Sexual assault kits can go unsubmitted in Kansas. A bill seeks to change that

Titus Wu
Topeka Capital-Journal
In 2017, Kansas was one of the first states in the nation to complete an inventory of unsubmitted rape kits.

Untested sexual assault kits, also known as rape kits, have been a problem in many states. Kansas is no exception.

In 2017, the state was one of the first in the nation to complete an inventory of unsubmitted kits, identifying reasons for nearly 2,220 unsubmitted sexual assault kits. What the study found was "a lack of training, resources, policy and societal awareness as the four core factors" for the accumulation of untested kits. 

Kansas House Bill 2228, which had its hearing Monday, would help fix those issues.

All law enforcement agencies would need to have a policy regarding submission of rape kits to a forensics laboratory. In addition, kits would need to be submitted within 30 business days from the day of collection, and submitted kits would have to be tested.

The bill would also change policy on handling unreported sexual assault kits, which is when a victim decides to not report to law enforcement. The Kansas Bureau of Investigation is pushing for requiring them be kept for 20 years, instead of five years as it is now, to align with national recommendations and allow for more time for victims to decide pursuing a case or not.

"There are a wide range of reasons people do not report sexual assault and rape to authorities at the time of assault, and oftentimes, even hide them from friends and family," said Kathy Ray of the Kansas Coalition Against Sexual and Domestic Violence. "Self-blame and self-doubt are not uncommon for victims of these crimes."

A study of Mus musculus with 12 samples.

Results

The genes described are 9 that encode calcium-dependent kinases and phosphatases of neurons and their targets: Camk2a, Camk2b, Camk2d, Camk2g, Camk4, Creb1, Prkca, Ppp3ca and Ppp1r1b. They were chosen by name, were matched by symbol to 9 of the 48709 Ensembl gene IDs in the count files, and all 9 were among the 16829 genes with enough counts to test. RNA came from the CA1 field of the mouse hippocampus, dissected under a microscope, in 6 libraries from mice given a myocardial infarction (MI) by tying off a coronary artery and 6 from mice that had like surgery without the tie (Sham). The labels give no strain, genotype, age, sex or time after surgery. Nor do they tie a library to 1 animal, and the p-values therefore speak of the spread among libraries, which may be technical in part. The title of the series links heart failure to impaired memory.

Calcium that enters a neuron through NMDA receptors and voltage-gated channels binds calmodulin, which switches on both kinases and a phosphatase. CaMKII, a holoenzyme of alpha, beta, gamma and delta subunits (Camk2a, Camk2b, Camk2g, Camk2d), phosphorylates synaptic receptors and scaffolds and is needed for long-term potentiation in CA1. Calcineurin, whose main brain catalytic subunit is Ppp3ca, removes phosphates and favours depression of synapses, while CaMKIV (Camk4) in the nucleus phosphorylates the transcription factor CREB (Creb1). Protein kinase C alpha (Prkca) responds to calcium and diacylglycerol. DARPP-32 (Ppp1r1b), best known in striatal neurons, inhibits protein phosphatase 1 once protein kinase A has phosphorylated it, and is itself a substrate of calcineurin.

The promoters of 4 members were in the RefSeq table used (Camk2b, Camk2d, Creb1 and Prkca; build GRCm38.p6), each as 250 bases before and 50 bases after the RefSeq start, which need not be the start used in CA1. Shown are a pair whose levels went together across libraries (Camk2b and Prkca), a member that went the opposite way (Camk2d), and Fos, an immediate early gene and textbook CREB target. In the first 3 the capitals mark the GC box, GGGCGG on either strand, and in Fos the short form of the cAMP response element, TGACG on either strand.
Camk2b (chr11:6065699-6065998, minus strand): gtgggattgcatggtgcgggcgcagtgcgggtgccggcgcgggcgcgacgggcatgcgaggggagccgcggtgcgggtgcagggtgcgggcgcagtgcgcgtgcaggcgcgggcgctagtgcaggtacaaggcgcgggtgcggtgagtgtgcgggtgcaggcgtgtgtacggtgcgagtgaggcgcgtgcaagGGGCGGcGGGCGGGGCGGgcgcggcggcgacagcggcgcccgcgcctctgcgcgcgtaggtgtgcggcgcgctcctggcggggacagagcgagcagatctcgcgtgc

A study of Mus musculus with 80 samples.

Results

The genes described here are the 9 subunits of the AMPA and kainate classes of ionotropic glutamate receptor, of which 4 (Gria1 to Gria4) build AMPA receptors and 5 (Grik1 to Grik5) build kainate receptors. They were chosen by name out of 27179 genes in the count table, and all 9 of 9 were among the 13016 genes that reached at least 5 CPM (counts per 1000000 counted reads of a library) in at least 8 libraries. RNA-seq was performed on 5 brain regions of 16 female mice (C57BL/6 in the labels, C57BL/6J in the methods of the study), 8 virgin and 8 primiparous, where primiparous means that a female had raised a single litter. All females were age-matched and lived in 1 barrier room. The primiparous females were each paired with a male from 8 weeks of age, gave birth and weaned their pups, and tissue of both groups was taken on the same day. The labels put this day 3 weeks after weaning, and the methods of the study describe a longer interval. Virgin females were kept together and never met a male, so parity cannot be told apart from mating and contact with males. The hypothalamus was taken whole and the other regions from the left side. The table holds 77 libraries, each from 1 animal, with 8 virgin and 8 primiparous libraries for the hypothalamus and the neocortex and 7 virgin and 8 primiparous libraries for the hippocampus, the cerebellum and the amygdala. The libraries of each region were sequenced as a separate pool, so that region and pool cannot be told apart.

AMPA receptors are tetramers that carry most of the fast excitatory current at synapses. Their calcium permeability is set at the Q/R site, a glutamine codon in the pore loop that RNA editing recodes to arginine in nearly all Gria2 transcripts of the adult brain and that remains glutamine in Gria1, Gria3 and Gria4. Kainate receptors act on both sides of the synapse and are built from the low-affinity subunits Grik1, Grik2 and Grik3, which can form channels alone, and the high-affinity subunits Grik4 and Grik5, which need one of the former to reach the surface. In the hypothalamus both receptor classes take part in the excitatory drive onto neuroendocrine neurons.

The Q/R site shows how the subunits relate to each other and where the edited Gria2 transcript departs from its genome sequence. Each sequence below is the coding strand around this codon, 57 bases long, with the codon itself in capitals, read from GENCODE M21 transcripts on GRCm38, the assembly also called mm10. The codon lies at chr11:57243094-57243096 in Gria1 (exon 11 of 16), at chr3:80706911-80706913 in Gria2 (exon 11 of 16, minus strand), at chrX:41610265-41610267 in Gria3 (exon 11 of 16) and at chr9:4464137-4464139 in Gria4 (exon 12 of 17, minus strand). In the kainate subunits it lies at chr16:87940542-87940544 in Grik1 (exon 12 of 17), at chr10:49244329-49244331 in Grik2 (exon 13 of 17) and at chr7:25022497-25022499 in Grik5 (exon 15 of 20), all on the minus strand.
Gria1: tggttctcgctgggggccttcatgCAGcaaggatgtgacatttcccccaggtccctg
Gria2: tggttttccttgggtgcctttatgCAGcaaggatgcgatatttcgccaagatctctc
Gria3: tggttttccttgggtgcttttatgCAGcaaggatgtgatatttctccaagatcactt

That extended time frame could cost an additional $28,000 for more shelf space, per the bill's fiscal note.   

Furthermore, to increase accessibility, child advocacy centers would be allowed to collect sexual assault evidence under H.B. 2228.

"There are, unfortunately, areas in Kansas where sexual assault victims have to travel some distance to find a facility where trained personnel are located and services for victims are available," said Robert Jacobs, executive officer with KBI.

No members of the public testified in opposition to the bill, but Rep. John Carmichael, D-Wichita, expressed shock that such a bill was needed in the first place.

"Why in the world did Kansas law enforcement allow 2,000 or more rape kits to go untested for years, while rapists roam the street?" he said.  

He asked why there wasn't an enforcement mechanism in the bill to hold officers accountable for not submitting kits. A representative from the Kansas Attorney General's Office said that in discussions with stakeholders, people agreed to implement policies first to get everyone on the same page.

Training for officers on rape kits are still continuing, many noted.

Rep. Brad Ralph, R-Dodge City, pushed back against Carmichael. 

"The previous comments disparaging law enforcement suggesting that our public servants are sitting around on their butts ... those particular comments don't represent the majority of persons on this particular call," he said.

In the end, all agreed that this issue needs more focus and improvement, whether lawmakers came from a women's right or public safety perspective.

"Sex offenders have a clear impact on public safety," Ray said. "When (victims) are later told their case will not proceed because of lack of evidence, and then find out the sexual assault kit was never even submitted to a lab for testing, the discouragement of victims reporting these crimes to law enforcement continues."